The major oil companies don't like -- and in some cases don't allow -- retailers to offer discounts for cash transactions. Or they don't care, but don't encourage the practice. It all depends on whom you talk to.
"There has been a general view, probably wrong, that if you are branded retailer, you cannot offer discounts for cash," said Dan Gilligan, president of the Petroleum Marketers Association of America, based in Arlington, Va. "I don't think major oil companies are enthusiastic about cash discounts, but they aren't prohibiting them."
Of the major oil companies that were contacted for this article, only Shell Oil Products US and BP plc responded to an inquiry regarding discounts for cash transactions.
"Shell-branded gasoline station operators are independent business people who make their own operating decisions and, who by law, have the right to set gasoline prices and expanded payment options as they believe appropriate," noted Karyn Leonardi-Cattolica, a Shell spokesperson.
"Although the industry reports show that over 60 percent of consumers use credit cards for gasoline purchases, Shell does not endorse one form of payment over another," she continued. "We are aware that some operators are looking to 'discount for cash' and other payment programs to reduce the service costs incurred by accepting credit cards, which have increased appreciably over the past few years.
"Our customer value proposition is to provide a consistent and pleasant experience with our quality products and services at each of our branded stations coast-to-coast. Inconsistent pricing methods do undermine this, but again, we have made ourselves clear that marketers are free to price as they see fit."
Shell offers branded wholesalers and retailers zero credit-card processing fees on Shell-branded cards and is testing and implementing alternative lower cost forms of payment such as ACH (Automated Clearing House), biometrics and debit, she said. The major oil company also offers ongoing reduced merchant service fees on MasterCard, American Express and Voyager fleet cards.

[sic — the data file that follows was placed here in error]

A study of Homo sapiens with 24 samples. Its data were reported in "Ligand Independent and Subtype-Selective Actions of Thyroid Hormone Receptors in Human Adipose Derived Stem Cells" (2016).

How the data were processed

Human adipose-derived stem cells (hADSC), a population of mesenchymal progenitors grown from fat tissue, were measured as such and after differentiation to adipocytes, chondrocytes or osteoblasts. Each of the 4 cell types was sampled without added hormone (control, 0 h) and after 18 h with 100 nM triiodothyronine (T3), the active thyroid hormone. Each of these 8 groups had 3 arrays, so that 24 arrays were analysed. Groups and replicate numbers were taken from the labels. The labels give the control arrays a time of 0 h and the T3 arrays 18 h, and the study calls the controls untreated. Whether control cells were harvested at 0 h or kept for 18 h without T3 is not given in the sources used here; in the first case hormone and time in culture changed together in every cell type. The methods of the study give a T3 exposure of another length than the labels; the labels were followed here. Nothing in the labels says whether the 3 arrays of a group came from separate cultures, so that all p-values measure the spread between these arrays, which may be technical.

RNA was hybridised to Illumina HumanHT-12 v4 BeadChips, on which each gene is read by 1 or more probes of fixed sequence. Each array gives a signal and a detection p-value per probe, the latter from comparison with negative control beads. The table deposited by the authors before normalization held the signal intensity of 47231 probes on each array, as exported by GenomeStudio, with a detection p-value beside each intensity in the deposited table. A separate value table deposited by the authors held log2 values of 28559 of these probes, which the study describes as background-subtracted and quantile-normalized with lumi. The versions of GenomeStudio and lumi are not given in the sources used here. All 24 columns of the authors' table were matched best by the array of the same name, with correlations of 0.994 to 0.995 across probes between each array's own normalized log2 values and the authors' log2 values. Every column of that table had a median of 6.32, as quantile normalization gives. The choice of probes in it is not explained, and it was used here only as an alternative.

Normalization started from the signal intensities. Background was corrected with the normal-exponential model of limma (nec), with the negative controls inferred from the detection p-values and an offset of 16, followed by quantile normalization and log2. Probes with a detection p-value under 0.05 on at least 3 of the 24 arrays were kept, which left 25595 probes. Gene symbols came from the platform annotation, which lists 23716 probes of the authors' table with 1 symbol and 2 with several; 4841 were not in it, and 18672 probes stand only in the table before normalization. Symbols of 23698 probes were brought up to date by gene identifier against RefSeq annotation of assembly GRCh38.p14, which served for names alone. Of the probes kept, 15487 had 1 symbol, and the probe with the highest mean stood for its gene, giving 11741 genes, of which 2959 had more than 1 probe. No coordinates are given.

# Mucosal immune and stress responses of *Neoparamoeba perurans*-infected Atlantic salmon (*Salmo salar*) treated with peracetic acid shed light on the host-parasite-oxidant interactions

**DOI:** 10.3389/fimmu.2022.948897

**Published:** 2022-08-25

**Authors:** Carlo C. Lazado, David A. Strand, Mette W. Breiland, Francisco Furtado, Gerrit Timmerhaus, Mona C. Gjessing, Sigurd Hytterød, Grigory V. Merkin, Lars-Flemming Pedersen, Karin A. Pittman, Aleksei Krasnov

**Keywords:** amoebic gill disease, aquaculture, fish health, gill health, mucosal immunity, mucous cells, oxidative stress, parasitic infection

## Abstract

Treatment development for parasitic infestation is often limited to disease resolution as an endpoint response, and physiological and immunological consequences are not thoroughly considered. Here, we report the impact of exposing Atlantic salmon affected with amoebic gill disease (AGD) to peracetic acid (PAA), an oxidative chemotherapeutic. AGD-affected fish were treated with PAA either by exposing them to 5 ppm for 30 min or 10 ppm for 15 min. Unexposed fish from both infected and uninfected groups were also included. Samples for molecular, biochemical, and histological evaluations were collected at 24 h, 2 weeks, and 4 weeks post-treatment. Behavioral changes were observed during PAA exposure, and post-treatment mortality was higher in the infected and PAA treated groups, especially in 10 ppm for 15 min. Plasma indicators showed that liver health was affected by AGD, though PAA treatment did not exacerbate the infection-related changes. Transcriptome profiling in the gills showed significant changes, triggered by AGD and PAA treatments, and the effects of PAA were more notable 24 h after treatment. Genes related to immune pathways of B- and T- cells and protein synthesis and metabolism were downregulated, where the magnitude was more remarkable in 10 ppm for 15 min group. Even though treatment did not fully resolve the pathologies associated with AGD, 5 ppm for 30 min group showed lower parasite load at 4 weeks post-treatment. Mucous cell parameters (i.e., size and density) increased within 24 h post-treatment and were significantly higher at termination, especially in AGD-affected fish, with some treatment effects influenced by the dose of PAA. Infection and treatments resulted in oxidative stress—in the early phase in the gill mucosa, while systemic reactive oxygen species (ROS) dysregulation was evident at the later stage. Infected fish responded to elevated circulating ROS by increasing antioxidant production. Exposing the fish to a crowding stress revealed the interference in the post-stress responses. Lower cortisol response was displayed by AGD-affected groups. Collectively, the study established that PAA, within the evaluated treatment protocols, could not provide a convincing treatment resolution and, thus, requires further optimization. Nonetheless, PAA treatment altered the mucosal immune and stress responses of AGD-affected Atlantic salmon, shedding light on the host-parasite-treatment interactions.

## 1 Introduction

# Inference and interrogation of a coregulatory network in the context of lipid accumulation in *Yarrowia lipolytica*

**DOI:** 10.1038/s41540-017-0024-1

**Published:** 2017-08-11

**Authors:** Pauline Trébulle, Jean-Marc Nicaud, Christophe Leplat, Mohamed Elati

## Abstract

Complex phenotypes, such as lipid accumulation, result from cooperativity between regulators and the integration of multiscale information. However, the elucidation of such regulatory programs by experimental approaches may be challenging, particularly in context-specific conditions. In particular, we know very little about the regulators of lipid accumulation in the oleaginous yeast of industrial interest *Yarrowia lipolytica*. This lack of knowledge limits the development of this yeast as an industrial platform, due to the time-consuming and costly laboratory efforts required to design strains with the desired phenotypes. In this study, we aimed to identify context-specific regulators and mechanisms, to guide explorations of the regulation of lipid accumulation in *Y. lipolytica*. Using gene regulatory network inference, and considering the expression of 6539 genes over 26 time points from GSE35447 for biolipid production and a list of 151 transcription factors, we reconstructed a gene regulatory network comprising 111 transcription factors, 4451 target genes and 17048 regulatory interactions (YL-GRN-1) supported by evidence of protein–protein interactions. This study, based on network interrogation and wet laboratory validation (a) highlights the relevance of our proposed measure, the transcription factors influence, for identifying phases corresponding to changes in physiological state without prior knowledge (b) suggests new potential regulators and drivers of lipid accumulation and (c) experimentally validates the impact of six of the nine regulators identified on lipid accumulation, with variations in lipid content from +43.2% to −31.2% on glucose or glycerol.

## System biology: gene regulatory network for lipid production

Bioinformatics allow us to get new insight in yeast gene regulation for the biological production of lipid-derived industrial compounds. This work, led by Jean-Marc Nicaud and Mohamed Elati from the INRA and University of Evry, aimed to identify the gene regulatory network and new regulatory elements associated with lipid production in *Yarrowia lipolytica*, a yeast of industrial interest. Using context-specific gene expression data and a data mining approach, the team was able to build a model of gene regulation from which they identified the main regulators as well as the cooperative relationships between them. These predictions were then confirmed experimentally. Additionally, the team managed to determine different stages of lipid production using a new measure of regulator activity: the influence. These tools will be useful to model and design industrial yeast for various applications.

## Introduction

"These facts need to be taken into consideration along with local market conditions when a wholesaler makes decisions regarding their local marketing tactics, including whether or not to offer a discount for cash," Leonardi-Cattolica said.
Although BP's corporate locations do not offer discounts for cash, branded dealers or jobbers are allowed to do so, noted spokesperson Scott Dean. Its BP-branded Visa card, however, offers "attractive rebates," he said, including 5 percent rebates on all BP location purchases.
There is nothing in the ExxonMobil franchise agreement that would restrict branded retailers from offering discounts for cash, spokesperson Beth Snyder recently told The Associated Press. The company, however, recommends sticking with one price.
Despite these official positions, in June the state of Connecticut passed legislation that would nullify any bans that would prohibit discounts for cash purchase that may be written in Big Oil contracts. Gov. Jody Rell sent a letter to the roughly 1,200 gasoline dealers in the state, informing them she had signed the bill and urging them to begin offering cash discounts. Any gas station owner who ran into difficulties with their parent companies over offering the discounts were advised to contact the Department of Consumer Protection.
"The State of Connecticut will intervene where there is any attempt to undermine this effort," the governor told dealers in the letter.
Soon after, Gerry Katz, owner of Gerry's Shell Food Mart in New Haven, Conn., began offering a 20-cent discount, selling regular gasoline for $4.30 a gallon to those who paid with cash.
"I'm very optimistic," Katz told the New Haven Register. "It makes me as competitive as any prices in the city. Besides people changing over to cash, we're hoping that it will increase the foot traffic inside the store."
In July, Rhode Island Attorney General Patrick C. Lynch issued a legal opinion stating gasoline retailers are allowed to sell gasoline at a lower price to customers who pay with cash instead of a credit card, as long as the retailer "clearly and conspicuously" displays both the cash and credit price.
The attorney general was asked by the state's Department of Business Regulation (DBR) to clarify whether state law allows dealers to charge two different prices for gasoline for different payment types. State law does not specifically prohibit nor allow a station to charge different prices for cash or credit.
The DBR had had received complaints from some consumers who believed they were misled into buying gasoline at stations that displayed one price, but charged a higher one at the pump for using a credit card.